The Delaware River Waterfront Corp. (DRWC) is seeking a developer to turn a parking lot it owns on the west side of Christopher Columbus Boulevard, just north of the Benjamin Franklin Bridge, into a pocket of businesses and dwellings that could help enliven the waterfront area.
In a solicitation posted to the DRWC’s website, the agency gives developers until Aug. 20 to submit proposals for the 1.6-acre Vine Street Lot between Vine and Callowhill Streets.
It does not specify how the agency would like to see the site developed but asks for responses that would help integrate “public spaces with attractive residential, retail, and commercial development” as called for in the area’s master plan.
The solicitation also asks developers for proposals that honor the property’s history, which included a stint as a shipyard in the 17th and 18th centuries, and suggests that plans integrate the adjacent Wood Street Steps, a stone stairway between Water and Front Streets directly west of the Vine Street Lot.
The steps are the only surviving example of 10 passageways to the waterfront commissioned by William Penn in the early 1700s to promote maritime commerce and transportation, according to a plaque at the site.
Up for sale or lease is nearly the entire block bounded by Vine and Callowhill between Columbus Boulevard and Water Street. The offering excludes a separately owned, 4,600-square-foot parcel at the block’s northwest corner where permit applications show a development of at least three four-story townhouses with on-site parking is planned.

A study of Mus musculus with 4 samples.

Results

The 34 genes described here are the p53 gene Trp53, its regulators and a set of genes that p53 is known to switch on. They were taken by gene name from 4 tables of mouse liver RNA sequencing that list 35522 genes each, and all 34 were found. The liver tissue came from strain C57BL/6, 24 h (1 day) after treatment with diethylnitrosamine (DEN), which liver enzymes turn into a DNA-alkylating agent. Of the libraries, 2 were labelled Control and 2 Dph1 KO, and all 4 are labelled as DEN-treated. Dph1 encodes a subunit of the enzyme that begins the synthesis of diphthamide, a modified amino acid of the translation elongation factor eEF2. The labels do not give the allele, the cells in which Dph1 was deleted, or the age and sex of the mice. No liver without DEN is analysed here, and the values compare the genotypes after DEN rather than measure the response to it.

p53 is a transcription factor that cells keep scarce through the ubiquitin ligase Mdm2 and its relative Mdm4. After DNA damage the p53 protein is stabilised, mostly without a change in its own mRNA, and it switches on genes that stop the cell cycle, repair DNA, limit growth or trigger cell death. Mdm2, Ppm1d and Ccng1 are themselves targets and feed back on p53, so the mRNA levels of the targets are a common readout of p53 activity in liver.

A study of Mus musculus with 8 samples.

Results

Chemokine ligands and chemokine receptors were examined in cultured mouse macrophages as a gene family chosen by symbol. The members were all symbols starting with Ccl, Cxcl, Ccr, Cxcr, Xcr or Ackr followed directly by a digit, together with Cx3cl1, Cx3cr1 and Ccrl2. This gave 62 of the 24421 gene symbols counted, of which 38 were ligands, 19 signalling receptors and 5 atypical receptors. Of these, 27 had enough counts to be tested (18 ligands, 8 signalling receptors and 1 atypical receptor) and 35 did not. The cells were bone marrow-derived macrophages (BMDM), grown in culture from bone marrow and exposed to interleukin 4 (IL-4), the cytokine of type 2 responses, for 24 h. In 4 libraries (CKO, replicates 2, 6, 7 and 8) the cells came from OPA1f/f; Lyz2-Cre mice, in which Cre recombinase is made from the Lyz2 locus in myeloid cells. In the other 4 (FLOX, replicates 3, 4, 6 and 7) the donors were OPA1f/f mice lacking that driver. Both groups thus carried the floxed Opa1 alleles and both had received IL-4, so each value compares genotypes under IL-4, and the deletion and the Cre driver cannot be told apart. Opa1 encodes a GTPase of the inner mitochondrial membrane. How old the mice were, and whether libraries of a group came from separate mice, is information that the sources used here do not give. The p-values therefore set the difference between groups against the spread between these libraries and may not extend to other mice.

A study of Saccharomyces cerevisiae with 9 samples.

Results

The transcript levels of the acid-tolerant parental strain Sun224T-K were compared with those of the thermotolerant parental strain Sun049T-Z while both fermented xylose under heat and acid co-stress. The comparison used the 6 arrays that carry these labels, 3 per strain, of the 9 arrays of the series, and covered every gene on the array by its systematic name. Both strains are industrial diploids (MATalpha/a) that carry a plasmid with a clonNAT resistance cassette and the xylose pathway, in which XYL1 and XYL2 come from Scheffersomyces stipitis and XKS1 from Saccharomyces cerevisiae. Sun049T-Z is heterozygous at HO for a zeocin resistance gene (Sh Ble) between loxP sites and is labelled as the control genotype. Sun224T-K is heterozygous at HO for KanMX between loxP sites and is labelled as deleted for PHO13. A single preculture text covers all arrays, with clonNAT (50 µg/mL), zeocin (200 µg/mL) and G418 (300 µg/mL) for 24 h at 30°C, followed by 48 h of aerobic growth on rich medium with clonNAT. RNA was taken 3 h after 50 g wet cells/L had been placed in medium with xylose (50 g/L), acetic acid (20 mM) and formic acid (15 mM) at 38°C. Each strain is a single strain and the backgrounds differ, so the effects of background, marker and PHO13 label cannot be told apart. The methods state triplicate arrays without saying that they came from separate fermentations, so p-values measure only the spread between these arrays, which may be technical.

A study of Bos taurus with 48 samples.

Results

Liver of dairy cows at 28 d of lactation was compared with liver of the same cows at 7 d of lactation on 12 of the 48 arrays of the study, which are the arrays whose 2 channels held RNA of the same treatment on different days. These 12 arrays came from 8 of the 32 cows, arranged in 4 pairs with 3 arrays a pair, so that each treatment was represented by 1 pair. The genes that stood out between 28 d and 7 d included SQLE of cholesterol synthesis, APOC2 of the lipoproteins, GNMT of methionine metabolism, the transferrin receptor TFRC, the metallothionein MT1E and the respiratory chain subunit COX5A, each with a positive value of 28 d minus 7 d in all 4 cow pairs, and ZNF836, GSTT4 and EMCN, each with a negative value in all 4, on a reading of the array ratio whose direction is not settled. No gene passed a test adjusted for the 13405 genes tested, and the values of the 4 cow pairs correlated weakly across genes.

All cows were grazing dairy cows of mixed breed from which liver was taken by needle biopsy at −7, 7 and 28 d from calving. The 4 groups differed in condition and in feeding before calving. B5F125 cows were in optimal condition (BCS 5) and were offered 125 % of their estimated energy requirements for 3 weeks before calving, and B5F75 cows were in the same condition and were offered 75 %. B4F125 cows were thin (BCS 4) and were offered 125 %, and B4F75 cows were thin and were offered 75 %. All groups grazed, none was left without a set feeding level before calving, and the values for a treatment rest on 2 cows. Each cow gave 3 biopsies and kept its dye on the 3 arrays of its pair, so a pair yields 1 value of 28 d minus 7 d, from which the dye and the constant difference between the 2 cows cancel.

The Vine Street Lot is just three blocks south of the DRWC-owned Festival Pier, which is in the early stages of development by Jefferson Apartment Group and Haverford Properties into a complex of apartment buildings surrounded by open public space.
It is also directly across the street from the assemblage of piers — the sites of waterfront restaurants including Dave & Buster’s and Morgan’s Pier — that were acquired last year by New York’s Durst Organization development group.
The DRWC said it decided to post its solicitation — officially called a request for proposals — for the Vine Street Lot in the interest of transparency after a “reputable real estate developer” made an unprompted offer for the property in April.
Durst did not make that unsolicited offer but considers the lot to be “a very attractive site,” said company spokesman Jordan Barowitz. “We are looking at the RFP.”